I have been picking up my Ubuntu smartphone, the BQ Aquaris E4.5 Ubuntu Edition, often in recent times. Perhaps it is because this is January. January tends to be a very boring month in most fields. Thanks, to CES, we in mobile got a little bit of excitement. But even that is all gone now.
Turning on the BQ Aquaris last week and connecting via WiFi to see what’s new, the phone notified me of an waiting software update. It was a 470 MB download and it posed no issues. After installing it, I am still looking for what is new on the device. Perhaps it was just for bug fixes and performance improvements.
Like Firefox, Like Sailfish, Like Ubuntu
Personally, I am a fan of variety. The idea of having options intrigues me. I was excited about Ubuntu as much as I was about Firefox OS and Sailfish OS. But besides my initial excitment, there is another common thread to all three of them – their smartphones that I got my hands on all left me feeling unimpressed.
For Firefox OS, I had the ZTE Open (it is still in a drawer somewhere). It was such a bad experience that I couldn’t review the device.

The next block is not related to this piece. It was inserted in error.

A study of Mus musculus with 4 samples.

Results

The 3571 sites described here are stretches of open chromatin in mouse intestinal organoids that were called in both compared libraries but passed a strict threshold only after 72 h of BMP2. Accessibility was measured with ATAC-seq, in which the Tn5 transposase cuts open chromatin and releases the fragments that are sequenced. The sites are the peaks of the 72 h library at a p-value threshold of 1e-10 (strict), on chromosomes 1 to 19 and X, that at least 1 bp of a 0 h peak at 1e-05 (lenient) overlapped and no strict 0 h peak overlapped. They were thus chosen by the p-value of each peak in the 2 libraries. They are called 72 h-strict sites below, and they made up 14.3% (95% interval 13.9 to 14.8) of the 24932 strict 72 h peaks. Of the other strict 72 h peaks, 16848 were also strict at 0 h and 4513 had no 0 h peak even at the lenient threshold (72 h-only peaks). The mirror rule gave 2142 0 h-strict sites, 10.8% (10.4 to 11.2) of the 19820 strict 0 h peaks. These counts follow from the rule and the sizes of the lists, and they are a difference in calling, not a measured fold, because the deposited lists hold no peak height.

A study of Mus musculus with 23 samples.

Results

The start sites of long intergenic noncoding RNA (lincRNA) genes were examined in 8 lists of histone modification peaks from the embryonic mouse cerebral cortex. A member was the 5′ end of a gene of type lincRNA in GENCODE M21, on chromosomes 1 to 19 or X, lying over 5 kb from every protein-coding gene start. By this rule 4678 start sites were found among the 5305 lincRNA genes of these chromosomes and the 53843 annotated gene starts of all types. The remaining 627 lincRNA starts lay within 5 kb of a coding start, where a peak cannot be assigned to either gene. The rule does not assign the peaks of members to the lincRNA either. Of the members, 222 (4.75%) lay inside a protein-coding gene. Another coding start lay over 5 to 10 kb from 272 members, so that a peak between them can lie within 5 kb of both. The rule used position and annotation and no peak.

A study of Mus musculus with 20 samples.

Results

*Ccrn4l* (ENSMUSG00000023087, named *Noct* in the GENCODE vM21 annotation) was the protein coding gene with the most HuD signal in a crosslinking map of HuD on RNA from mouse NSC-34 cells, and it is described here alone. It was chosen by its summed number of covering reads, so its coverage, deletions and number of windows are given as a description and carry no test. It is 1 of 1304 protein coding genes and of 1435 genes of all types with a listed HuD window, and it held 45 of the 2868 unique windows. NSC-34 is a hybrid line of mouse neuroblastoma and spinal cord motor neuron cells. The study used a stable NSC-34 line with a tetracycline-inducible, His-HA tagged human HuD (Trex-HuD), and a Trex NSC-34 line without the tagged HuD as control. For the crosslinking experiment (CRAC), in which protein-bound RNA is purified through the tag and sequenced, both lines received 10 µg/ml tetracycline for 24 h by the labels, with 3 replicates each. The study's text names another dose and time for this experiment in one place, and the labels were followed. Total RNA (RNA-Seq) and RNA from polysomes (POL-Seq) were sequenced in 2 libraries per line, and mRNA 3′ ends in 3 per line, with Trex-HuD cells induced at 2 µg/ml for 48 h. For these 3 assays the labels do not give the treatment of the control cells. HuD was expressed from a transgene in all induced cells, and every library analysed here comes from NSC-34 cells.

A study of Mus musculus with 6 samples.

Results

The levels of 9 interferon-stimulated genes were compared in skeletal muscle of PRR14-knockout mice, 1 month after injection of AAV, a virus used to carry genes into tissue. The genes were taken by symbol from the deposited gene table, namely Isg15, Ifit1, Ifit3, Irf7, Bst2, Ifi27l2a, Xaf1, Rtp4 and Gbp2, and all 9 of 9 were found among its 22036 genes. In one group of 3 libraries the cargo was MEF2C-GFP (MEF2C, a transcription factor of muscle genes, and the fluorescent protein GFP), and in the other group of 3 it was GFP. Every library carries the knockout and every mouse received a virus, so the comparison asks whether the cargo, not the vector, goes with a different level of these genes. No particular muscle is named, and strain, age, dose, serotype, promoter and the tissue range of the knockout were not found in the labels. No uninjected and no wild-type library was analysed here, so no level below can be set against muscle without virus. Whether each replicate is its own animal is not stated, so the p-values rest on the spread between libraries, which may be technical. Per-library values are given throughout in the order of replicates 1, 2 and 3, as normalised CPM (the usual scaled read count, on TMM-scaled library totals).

Sailfish OS was next. I got my hands on the Jolla and it broke my heart.
The BQ Aquaris isn’t terrible. I think it is the best of the trio. But it isn’t anything close to the experience that one is used to on say BB10, Windows 10 Mobile OS or even Android OS and iOS. Ubuntu almost feels like a feature phone platform on the Aquaris.
Anatomy of an Ubuntu Smartphone
Of course, there aren’t a lot of apps. The same is true for most platforms outside of Android OS and iOS. But perhaps because the developers behind these platforms have a vision to service the bottom end of the market, the smartphones out there mostly feel underwhelming. One could argue that the BQ Aquaris is a budget offering. But the Meizu Pro 5 Ubuntu Edition is perhaps the most powerful Ubuntu smartphone out there, and yet feels quite under-powered.
Whatever it is, Ubuntu smartphones are not exactly the rave. I have seen only one in all this time – mine. I am yet to run into anyone else who owns one. Chances are that if I do, such a person would be an Ubuntu enthusiast. Firefox OS died in 2016. Sailfish managed to survive by the skin of Russia’s teeth. Tizen lives, thanks to Samsung but is yet to show up on the radar though the brand is making a push for key African countries. Ubuntu mobile has remained as insignificant. It does not even make a blip on the global smartphone market share table.
This is January 2017, and Ubuntu smartphones remain an enthusiasts’ affair. And unless Canonical comes up with something new and dazzling, that is not likely to change come December.